He brought FRESH VEGETABLES purchased from a local man. This has been a wonderful thing since fresh fruit abounds but in the groceries one only sees potatoes, onions and the occasional sad head of cabbage. Vincent brought bell peppers, a head of lettuce, eggplant, tomatoes and cucumbers! So we had a nice sail across and a nicer dinner. He spent the night and the next morning we went to the beach with a twofold goal of hiking to the legendary waterfall and finding him a ride to the main town five miles east of where we're anchored.
On our two hour hike we passed many many rectangular rock platforms 3 to 6 feet high, some with rock stairways still intact. These platforms are where the people used to build their houses. Based on the number of platforms we passed, and the quality of the ancient stone walkway we used for most of the trail, there used to be a LOT of people in this valley. Now, there are only 7-8 houses which aren't even used all the time. There's no school here so only one old couple and 4 single men are all we saw on our walk through town.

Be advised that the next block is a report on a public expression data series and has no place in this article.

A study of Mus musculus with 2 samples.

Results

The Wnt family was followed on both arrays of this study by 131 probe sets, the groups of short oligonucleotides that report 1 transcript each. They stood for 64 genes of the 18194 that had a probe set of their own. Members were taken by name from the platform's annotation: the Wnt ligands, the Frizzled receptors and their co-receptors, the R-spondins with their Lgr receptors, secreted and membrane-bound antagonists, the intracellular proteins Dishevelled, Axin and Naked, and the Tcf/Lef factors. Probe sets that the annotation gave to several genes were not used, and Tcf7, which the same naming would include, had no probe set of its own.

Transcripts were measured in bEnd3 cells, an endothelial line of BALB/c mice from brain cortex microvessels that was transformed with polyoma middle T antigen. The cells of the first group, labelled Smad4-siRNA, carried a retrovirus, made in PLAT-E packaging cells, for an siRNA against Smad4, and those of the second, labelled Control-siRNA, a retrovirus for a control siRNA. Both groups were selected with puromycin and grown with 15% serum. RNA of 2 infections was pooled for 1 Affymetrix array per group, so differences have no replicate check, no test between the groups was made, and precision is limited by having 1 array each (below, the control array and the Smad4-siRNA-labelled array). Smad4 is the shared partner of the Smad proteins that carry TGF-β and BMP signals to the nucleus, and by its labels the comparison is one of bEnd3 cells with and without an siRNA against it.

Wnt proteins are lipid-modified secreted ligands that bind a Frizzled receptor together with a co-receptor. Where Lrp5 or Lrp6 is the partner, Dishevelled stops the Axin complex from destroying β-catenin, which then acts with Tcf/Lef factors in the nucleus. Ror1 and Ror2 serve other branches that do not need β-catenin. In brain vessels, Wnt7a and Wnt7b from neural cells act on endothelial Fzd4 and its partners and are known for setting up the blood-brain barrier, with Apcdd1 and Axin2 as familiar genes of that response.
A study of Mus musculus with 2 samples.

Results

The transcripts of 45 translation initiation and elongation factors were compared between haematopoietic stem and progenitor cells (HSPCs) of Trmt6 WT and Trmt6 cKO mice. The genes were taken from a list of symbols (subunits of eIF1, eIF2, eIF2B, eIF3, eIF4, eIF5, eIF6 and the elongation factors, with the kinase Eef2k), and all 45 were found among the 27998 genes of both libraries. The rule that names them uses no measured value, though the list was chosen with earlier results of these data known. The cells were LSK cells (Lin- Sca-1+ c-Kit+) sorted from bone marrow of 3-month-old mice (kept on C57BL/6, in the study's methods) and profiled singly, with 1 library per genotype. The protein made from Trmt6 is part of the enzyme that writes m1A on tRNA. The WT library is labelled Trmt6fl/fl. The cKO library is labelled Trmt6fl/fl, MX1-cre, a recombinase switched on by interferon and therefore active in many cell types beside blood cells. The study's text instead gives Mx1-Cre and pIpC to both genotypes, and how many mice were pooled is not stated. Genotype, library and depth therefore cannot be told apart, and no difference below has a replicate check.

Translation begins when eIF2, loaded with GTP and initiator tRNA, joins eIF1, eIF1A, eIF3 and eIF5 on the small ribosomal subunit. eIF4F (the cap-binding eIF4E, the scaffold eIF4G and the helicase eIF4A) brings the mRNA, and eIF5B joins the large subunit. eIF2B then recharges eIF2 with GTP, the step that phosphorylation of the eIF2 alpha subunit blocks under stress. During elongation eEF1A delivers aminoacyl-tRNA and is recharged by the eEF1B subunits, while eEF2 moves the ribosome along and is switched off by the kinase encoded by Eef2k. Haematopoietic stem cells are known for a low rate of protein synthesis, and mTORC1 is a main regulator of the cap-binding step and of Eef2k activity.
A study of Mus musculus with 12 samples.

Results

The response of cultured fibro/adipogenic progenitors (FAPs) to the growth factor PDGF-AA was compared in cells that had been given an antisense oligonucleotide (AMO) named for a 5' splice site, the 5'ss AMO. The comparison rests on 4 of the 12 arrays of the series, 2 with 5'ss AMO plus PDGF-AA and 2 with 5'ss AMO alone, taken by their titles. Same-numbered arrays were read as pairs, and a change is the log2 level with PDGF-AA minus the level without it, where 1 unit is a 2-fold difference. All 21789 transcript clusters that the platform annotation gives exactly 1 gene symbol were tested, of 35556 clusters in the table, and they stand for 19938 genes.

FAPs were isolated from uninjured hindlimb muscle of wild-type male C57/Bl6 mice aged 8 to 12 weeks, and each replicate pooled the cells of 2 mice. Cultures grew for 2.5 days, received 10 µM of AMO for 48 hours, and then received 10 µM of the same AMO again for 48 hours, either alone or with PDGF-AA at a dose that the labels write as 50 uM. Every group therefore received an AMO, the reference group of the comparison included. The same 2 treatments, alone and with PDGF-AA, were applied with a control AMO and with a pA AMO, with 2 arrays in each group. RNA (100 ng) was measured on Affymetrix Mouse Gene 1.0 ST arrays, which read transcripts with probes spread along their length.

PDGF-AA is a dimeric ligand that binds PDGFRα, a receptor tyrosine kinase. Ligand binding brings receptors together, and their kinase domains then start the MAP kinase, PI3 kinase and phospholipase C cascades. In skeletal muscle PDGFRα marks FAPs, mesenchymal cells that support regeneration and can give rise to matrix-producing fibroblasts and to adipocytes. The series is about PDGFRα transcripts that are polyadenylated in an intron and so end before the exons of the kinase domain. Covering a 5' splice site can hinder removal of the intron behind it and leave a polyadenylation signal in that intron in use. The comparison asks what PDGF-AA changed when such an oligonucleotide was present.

The waterfall was freezing cold and tucked back in a tiny green ravine carved in 900 foot high volcanic cliffs. White tropic birds swirled in circles on the drafts between the two cliff faces, their tails as long as their wingspans. Brian and I swam to the large boulder separating the outer pool from the deep narrow pool below the waterfall. Behind the boulder, it was even more beautiful. On the east wall was a tall cave painted in vertical slippery stripes of mineral colors, creams, ochres, and olives laid down over many many years. The waterfall itself was at the junction of the east and west walls, not a roaring river but a steady heavy spray like pelting rain.
After hiking down to the beach, Vincent saw a small motor boat preparing to leave the bay. He hailed the man aboard, found out he was headed toward the main town, secured a ride, picked up his gear from Nomad and zoomed away, leaving us the precious veggies.